The research by SU’s Department of Sport Science was conducted in partnership with the Department of Health at the University of Bath in the UK and published recently in the open-access journal Frontiers in Psychology.
A ruck is a phase during the game where one or more players from opposing teams, who are on their feet in physical contact, close around the ball on the ground.
The team enlisted the help of an international referee and rugby injury specialist analysing video recordings of 120 round robin matches, supplied by the Western Province Rugby Union video analysis department.
Dr Wilbur Kraak from the Sport Science department said it was the first time the non-sanctioning of dangerous illegal clean-outs at the ruck by on-field referees during a game had been investigated.
“Our study revealed that 2111 (9%) of these clean-outs were deemed illegal according to the 2018 World Rugby laws of the game at an average of 18 per match. Referees did not penalise 1953 (93%) of the illegal ruck clean-outs at an average of 16 per game,” Kraak said.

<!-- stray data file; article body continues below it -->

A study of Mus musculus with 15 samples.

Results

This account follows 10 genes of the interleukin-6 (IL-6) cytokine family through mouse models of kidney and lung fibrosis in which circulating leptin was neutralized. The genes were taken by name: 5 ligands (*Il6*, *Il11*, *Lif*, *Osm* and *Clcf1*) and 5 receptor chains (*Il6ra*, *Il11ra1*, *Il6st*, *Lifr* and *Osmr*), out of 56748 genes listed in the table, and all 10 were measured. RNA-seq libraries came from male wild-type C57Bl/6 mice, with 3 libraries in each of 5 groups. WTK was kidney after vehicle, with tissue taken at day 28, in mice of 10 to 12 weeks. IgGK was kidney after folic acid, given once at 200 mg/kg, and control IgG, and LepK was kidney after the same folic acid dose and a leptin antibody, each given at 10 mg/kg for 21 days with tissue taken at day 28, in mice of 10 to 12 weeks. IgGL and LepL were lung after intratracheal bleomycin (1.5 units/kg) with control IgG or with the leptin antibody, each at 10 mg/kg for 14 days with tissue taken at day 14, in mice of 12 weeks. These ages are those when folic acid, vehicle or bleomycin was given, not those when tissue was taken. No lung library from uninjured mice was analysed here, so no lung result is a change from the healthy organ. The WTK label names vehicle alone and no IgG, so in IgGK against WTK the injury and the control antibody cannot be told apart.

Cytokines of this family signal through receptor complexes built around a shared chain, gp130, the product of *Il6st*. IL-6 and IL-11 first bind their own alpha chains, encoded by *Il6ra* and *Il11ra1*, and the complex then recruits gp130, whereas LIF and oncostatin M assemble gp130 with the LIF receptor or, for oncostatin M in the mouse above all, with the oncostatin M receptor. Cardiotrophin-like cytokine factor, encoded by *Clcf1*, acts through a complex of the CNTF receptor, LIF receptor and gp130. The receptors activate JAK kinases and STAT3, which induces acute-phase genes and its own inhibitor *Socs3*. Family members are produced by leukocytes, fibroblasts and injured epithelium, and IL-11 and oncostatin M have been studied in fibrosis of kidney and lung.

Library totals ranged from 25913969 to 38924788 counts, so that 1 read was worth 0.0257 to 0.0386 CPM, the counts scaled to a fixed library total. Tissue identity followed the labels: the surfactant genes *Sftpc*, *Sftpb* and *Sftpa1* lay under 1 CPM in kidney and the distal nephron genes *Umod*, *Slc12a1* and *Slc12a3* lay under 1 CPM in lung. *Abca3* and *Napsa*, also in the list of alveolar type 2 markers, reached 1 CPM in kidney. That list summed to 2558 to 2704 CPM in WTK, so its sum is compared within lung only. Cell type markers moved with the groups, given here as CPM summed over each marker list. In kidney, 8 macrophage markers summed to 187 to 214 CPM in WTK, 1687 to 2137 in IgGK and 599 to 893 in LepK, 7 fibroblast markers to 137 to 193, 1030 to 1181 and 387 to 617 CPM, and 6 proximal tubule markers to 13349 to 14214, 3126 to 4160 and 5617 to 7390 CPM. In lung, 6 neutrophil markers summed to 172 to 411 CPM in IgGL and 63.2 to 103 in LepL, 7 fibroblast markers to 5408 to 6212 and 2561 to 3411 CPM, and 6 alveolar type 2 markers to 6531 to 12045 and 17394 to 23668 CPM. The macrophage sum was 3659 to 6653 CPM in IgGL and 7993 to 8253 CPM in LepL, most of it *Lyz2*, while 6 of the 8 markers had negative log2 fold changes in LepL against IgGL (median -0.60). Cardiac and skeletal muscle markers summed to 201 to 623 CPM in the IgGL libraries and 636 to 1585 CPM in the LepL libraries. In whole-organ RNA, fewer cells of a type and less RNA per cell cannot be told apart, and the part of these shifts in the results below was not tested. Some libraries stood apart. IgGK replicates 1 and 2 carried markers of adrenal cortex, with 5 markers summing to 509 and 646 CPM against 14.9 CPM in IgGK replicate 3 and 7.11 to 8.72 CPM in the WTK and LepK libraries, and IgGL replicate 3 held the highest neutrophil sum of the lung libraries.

He said their findings should concern rugby referee stakeholders from an error rate perspective.
Kraak said that of the total illegal ruck clean-outs not sanctioned by referees, 1087 (57%) were considered dangerous at an average of 10 per match. The researchers found there were 22281 ruck clean-outs during the 2018 Super Rugby competition at an average of 186 clean-outs per game.
Using the video editing tool Nacsport Basic plus, the researchers coded and analysed video recordings to determine the rate at which illegal and dangerous ruck clean-outs were penalised by referees.
The experts found that the majority of the dangerous illegal clean-outs not penalised were “shoulder charge,” “neck roll” and “contact above the shoulder”.
In South Africa, rugby has the highest incidence of concussion amongst collision team sports. Up to 50% of high school rugby players would have suffered a concussion in their high school playing careers.
The researchers encouraged coaches to invite referees to officiate contact training sessions and drills according to rugby’s current laws to provide clarity to both players and coaches, with input from the referees.
Kraak said the findings of the study could lead to the development and implementation of further injury prevention strategies to make the game safer for all involved.